Mothers who demonstrate depressive symptoms even if they don't have a major depressive disorder can have offspring that have altered neurologic development compared to nondepressed women.

This connection between maternal depression and the body system (limbic-hypothalamic-pituitary axis (LHPA) of the neuroendocrine system) that controls reactions to stress, including moods and reactions, is explored in a study funded by the National Institutes of Health and published in Infant Behavior and Development.

In the analysis, 154 pregnant women were monitored for depressive symptoms (low/stable, intermediate or high/increasing depression) at various stages of pregnancy (28, 32 and 37 weeks of gestation) and at delivery. The newborns were also examined for levels of adrenocorticotropic hormone (ACTH) and cortisol using their umbilical cord blood. ACTH stimulates the adrenal gland to release the stress hormone cortisol.

Infants born to women with high depression have elevated ACTH. However, the level of the stress hormone cortisol is the same for all children, although their mothers have varying levels of depression. The researchers think that this might also be associated with the stress during childbirth itself.

At 2 weeks old, an evaluation was conducted on the infants assessing responses to stress and stimuli, tone and reflexes and motor skills to determine developmental and behavioral maturation. On examination, the children had decreased muscle tone, though they respond well to visual and auditory stimuli like light or a bell and rattle, which signals neurologic maturity.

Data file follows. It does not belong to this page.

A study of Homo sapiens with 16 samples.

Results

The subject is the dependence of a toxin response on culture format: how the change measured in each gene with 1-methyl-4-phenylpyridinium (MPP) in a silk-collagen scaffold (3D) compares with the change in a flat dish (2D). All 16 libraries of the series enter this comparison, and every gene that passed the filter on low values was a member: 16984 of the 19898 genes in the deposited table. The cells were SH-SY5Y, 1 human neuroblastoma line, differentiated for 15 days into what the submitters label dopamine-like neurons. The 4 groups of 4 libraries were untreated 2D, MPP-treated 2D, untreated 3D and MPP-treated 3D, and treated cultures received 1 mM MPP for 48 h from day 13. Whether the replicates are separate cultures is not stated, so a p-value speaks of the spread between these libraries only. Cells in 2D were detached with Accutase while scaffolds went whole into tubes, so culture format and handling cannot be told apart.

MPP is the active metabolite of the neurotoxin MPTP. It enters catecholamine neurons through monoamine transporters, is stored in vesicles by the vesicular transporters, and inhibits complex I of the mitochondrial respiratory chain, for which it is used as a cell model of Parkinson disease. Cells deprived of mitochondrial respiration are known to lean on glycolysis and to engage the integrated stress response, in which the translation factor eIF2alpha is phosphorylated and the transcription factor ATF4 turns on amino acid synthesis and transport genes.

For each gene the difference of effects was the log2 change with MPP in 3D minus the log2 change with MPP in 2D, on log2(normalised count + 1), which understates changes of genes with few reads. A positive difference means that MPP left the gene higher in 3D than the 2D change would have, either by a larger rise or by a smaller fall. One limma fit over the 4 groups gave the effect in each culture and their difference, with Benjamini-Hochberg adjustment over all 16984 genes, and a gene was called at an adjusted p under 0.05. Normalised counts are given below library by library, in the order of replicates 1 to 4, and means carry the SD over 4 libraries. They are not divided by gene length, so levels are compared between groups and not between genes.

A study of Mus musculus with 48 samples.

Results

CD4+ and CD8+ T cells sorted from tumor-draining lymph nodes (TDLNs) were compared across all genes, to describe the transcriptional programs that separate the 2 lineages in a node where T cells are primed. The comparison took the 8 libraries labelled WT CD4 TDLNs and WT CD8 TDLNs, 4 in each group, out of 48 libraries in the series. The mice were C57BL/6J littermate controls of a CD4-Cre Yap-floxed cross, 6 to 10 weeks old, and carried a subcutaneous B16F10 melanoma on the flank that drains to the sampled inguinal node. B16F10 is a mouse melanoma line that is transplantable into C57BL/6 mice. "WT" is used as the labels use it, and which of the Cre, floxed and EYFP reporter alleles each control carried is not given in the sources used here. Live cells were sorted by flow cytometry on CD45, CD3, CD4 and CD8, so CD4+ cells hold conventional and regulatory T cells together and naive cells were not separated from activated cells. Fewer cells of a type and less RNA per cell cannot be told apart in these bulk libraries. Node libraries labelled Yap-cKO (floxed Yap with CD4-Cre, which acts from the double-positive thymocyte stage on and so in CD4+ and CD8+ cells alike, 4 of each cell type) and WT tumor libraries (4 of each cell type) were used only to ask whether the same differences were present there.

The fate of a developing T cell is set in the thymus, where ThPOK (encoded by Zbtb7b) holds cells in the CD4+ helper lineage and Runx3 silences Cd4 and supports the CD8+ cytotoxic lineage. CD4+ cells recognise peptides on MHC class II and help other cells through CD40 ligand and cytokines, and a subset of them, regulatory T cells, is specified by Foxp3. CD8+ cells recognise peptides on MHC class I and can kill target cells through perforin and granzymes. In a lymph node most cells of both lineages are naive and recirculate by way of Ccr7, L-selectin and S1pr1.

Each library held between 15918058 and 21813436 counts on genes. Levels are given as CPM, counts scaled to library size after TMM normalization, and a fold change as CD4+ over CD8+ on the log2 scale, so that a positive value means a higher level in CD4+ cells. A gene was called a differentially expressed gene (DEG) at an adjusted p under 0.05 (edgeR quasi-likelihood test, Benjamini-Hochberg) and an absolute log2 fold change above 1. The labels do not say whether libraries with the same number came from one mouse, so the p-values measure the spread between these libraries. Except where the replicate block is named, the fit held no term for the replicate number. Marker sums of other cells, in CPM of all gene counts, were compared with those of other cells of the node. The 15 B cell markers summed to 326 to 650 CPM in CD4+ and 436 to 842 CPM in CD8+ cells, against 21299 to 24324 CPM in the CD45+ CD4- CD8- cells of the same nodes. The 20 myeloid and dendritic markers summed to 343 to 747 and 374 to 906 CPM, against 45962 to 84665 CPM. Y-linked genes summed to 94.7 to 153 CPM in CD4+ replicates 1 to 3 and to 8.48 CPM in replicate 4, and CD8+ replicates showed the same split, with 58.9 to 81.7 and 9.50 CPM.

However, the researchers found that mothers who have a high level of depression have infants showing high levels of stress hormones at birth and other developmental and behavioral differences, compared to nondepressed mothers.

Research investigator Dr. Delia M. Vazquez, a professor of psychiatry and pediatrics at the University of Michigan Medical School says, The two possibilities are that they are either more sensitive to stress and respond more vigorously to it, or that they are less able to shut down their stress response.

The researchers recommended talking to a therapist when depressed during pregnancy and mother-child bonding after birth to stimulate the child's neurologic development and counteract the effects of early stress hormone production.